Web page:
It started with three wooden feathers.
Graham Webb III and two other carvers gave them as a tribute to three Ohioans who died in 2012 in Afghanistan.
And then it occurred to Webb that every Ohio soldier who fell in Afghanistan or Iraq deserved one.
“I’ll tell you the truth: I did not want to do this,” he said. “I knew how much work it would be, and I knew it would cost a little bit of money.
“But God kept talking to me and made me do it. It needed to be done.”
Two years later, Webb — a retired Army recruiter — has assembled 276 wooden eagle feathers, each bearing the name of a fallen Ohioan.
He enlisted the talents of woodcarvers from throughout the state to produce them. They come in different woods and finishes, but all bear the name of a soldier and, in some cases, the date of death.
One feather reads: Keith Nepsa, Army, 1986-2007
Another: Spc. William S. Blevins, U.S. Army, KIA Afghanistan May 23, 2011
Whoever carved the feather for Marine Lance Cpl. Dustin R. Fitzgerald (1981-2004) included a quotation: “Never had an enemy.”
Webb also plans to produce a book detailing the lives of these service members.
This week, he was at the Columbus Idea Foundry, a community work space at 421 W. State St., putting the finishing touches on the Fallen Feather Project.
The display is heavy on symbolism.
Each feather will be placed in a .50-caliber shell casing. The casings will hang on a 5-by-10-foot board of buckeye wood. A carved eagle, its face turned toward the olive branches in its right talon rather than the arrows in its left, will loom atop the display. A tear drips from its eye.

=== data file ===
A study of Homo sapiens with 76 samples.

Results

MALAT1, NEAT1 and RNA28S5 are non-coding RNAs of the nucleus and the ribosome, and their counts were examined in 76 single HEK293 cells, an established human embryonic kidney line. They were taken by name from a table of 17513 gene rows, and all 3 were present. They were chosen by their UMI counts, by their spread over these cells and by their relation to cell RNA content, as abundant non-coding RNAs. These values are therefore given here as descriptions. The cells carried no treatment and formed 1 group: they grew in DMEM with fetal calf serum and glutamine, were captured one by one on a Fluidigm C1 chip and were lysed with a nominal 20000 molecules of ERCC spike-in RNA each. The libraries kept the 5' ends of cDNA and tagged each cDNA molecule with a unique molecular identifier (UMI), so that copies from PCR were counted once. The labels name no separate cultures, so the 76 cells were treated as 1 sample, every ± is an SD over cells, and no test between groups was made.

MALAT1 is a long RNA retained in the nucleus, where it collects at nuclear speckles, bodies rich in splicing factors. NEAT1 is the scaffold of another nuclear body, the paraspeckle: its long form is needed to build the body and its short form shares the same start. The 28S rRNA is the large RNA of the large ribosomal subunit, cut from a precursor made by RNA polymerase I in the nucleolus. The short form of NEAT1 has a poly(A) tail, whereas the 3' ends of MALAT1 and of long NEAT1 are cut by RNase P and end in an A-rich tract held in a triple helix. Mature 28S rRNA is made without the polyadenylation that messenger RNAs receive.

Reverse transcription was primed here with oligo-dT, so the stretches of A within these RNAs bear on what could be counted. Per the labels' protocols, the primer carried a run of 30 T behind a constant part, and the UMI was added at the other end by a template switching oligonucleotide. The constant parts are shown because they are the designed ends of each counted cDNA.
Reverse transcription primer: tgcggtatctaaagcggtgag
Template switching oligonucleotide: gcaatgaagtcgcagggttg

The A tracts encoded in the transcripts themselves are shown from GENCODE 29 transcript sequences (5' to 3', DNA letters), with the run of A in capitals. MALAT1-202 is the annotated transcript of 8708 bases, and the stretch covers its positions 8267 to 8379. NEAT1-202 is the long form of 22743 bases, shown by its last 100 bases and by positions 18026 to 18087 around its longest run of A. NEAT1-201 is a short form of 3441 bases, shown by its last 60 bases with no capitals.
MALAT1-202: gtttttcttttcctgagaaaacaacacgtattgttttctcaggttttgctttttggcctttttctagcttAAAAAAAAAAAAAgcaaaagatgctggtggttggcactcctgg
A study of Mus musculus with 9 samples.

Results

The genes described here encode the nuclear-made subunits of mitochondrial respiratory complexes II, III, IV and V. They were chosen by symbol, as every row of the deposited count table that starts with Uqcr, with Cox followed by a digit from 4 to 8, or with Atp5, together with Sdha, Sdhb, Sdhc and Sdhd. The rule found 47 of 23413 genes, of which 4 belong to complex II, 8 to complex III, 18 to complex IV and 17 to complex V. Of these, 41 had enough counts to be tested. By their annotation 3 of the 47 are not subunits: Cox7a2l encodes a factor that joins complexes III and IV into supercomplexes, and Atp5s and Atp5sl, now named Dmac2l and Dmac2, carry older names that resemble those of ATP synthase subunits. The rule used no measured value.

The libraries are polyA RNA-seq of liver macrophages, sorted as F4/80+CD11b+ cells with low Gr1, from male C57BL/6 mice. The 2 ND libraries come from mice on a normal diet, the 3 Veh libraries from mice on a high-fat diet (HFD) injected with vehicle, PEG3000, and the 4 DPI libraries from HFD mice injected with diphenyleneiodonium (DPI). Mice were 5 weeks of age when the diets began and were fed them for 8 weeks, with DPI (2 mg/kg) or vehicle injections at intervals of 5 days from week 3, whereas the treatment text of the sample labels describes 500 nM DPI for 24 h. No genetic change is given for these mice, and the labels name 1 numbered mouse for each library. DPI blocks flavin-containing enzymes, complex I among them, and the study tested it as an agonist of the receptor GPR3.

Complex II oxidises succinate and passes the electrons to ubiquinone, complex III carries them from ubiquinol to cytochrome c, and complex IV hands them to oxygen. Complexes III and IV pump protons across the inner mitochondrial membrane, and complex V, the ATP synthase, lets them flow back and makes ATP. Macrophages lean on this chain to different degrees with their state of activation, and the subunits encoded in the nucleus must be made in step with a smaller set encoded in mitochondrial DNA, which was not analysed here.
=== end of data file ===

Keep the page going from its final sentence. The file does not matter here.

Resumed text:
Don Neff, 81, of Dublin, carved several of the feathers. He said he liked both the cause and the challenge, as feathers are difficult to create.
The project cost about $3,000, most of it supplied by Webb. He received in-kind donations of wood, stain, shell casings and other things.
Most of the families whose loved ones are represented by the feathers are aware of the memorial, and Webb is working to contact the rest of them.
Jenny Rozanski, of Dublin, said she was touched by the feather carved in memory of her husband, Ohio National Guard Capt. Nicholas Rozanski, who was killed in 2012 in Afghanistan.
“I thought it was really beautiful and a really nice tribute.”
Other families have said they aren’t ready to see the feathers, Webb said.
Emotions remain raw.
The display will be shown on May 30 and June 1 at the Idea Foundry. Then it will move to the Statehouse, where it will stay through July 4 before moving to its permanent home at the Ohio Military Museum in Massillon.
Then, Webb will turn to a bigger undertaking.
He wants to organize woodcarvers throughout the country so that, just as in Ohio, every fallen soldier in the United States has a feather.